Last updated: Sun 31 May 2015

Nunney First School ‘inadequate’

Nunney First School and Somerset County Council are implementing an action plan to address areas for improvement identified by a recent Ofsted report.

Nunney First School

An Ofsted inspection was carried out in April 2015. The summary report identified academic and teaching standards as being inadequate and placed the school in special measures.

Here is the full summary of the most recent Ofsted report:

  • Pupils’ achievement is inadequate. They do not make enough progress, especially in basic literacy and mathematical skills, as they move through the school.
  • Over time, too much weak teaching has resulted in pupils not making enough progress. Consequently, pupils, including some of the most able, do not achieve the standards of which they are capable.
  • Teaching is inadequate. Teachers, especially temporary supply teachers, when used in both classes, do not establish a secure grasp of what pupils already know and understand. As a result, they do not plan effectively for what pupils need to learn next.
  • Often, the work set for the pupils in all parts of the school is either too easy or too hard or fails to stimulate pupils’ interest. As a result, past underachievement is not rectified quickly enough.
  • Pupils’ behaviour requires improvement. Some pupils do not sustain concentration and are over-reliant on adult help to complete their work.
  • The early years provision is inadequate. Children are not offered the good quality of teaching and stimulating experiences they need to achieve well.
  • Leadership and management are inadequate. There are weaknesses at all levels of leadership, especially in checking the quality of teaching and its impact on pupils’ progress.
  • Leaders, including governors, have not taken the decisive action needed to bring about lasting improvements in leadership, teaching and pupils’ achievement since the previous inspection.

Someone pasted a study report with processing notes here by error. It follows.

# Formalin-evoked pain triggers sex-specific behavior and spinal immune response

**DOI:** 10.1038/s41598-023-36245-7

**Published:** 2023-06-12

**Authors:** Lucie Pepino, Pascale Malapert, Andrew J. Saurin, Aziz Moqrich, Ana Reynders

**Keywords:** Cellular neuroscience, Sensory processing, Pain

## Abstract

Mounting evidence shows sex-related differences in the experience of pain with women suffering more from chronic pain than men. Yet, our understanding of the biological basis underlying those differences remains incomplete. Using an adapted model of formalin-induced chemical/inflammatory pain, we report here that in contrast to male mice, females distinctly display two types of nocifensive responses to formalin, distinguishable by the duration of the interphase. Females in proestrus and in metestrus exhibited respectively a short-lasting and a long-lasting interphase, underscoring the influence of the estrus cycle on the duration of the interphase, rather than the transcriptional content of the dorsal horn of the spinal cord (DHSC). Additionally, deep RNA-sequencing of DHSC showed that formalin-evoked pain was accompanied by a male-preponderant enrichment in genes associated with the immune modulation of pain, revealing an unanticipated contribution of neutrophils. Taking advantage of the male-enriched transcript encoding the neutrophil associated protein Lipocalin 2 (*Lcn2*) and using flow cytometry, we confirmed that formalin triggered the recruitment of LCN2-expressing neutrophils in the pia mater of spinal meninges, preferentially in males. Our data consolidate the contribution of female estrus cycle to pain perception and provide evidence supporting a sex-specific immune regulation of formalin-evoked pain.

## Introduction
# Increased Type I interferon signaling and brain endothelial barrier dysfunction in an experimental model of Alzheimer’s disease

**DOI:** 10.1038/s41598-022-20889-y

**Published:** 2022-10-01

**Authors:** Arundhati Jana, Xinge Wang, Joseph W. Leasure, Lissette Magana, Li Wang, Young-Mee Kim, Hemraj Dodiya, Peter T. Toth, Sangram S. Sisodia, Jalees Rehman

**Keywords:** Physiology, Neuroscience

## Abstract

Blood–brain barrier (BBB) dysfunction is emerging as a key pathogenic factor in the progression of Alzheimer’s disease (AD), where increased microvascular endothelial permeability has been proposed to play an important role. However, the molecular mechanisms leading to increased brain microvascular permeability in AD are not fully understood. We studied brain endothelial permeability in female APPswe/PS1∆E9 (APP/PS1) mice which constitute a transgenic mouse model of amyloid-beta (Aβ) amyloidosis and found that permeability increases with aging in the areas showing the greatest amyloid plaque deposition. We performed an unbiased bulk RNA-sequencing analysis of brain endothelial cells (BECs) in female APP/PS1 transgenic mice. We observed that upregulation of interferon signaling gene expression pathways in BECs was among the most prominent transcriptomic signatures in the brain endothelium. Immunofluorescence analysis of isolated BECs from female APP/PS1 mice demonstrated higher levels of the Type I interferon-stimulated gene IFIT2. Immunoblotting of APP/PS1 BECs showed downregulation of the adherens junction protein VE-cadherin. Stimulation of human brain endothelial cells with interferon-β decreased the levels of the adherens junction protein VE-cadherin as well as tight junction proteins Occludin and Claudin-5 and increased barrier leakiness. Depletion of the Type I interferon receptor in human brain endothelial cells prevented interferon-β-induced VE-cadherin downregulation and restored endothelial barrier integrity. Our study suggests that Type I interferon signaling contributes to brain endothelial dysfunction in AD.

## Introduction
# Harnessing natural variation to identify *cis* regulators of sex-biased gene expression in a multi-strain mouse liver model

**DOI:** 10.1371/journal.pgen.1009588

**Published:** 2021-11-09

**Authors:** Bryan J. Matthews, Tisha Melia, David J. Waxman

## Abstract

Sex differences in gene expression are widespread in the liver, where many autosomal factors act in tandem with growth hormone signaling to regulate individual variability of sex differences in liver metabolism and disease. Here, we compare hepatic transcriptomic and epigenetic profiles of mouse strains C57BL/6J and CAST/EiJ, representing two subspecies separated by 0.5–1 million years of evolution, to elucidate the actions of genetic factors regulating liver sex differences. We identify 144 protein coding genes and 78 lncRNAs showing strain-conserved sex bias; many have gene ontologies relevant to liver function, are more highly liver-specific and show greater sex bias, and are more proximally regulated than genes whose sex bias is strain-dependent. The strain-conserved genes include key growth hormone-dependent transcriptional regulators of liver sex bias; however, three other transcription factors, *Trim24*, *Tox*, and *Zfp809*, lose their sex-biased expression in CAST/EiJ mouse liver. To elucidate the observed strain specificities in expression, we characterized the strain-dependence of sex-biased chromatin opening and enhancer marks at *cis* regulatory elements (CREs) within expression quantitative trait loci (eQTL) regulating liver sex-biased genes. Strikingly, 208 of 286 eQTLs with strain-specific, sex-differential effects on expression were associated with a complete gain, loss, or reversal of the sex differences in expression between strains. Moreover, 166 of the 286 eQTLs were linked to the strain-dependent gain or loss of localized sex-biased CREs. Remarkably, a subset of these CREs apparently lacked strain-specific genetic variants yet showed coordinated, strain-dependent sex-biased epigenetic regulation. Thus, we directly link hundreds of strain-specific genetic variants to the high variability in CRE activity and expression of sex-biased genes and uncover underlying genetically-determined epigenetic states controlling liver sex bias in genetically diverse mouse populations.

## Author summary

• The leaders and managers of the school do not demonstrate the capacity to improve.
  • Teaching assistants are not always used effectively to support pupils’ learning.
  • The primary criticism of the report focuses on the academic and teaching standards at the school which have been identified as inadequate.

The report notes that the school has a number of strenghts:

  • Arrangements to ensure pupils are kept safe are good. As a result, pupils feel secure.
  • The school is a welcoming community where learning in the expressive arts and through outdoor pursuits strongly promotes the pupils’ social, moral, spiritual and cultural development.
  • Parents and their children appreciate the caring relationships provided by the adults who work at the school.
  • Disabled pupils and those with special educational needs are well supported. Pupils with very complex needs are looked after extremely well. As a result, they make better progress than others.

Action plan

Nunney First School logoTo address areas highlighted as being of concern, Somerset County Council and the school have put together an action plan that will see standards monitored and improved.

Key points of the action plan include:

  • School leaders and staff taking significant steps to raise the standards of teaching and learning so that each pupil is able to achieve full potential.
  • Continuing a strong commitment to the good standard of pastoral care that was recognised by the Inspector in his report.
  • Encouraging a commitment throughout the school to raise standards in every aspect of school life.
  • Governors and staff working closely with the Local Authority to address key issues.

Support

Mrs Hilary Allom, Chair of Governors, said: “We accept the findings of our recent Ofsted inspection and are already working very hard to address our areas for improvement.”

“We are pleased that the Inspector noted the strengths that we have at school, but are completely committed to putting in place the changes that are needed to bring Nunney First School back to its traditional place as a school at the heart of the local and wider community providing the highest standards of teaching that enable the pupils to realise their full potential.”

Linda Howlett, Nunney First School

Linda Howlett

“We are delighted with the support we are receiving from Somerset County Council, particularly since our Head Teacher, Mrs Linda Howlett was taken ill on 13 May.”

“Two Somerset Head Teachers are working with our existing and newly recruited teaching and support staff to implement the changes that are needed to raise standards throughout the school. We will continue to work together as a team to ensure that we keep developing the school.”

“I would like to add my thanks to all the parents who have been so supportive of the school during difficult times, and I repeat the promise I made to them that we, the governors and staff, will continue to strive to give their children the best possible start in life.”

The full Ofsted report for Nunney First School is available at http://reports.ofsted.gov.uk.

Read Visit Nunney’s interview with Head Teacher Linda Howlett, published earlier this year, here/.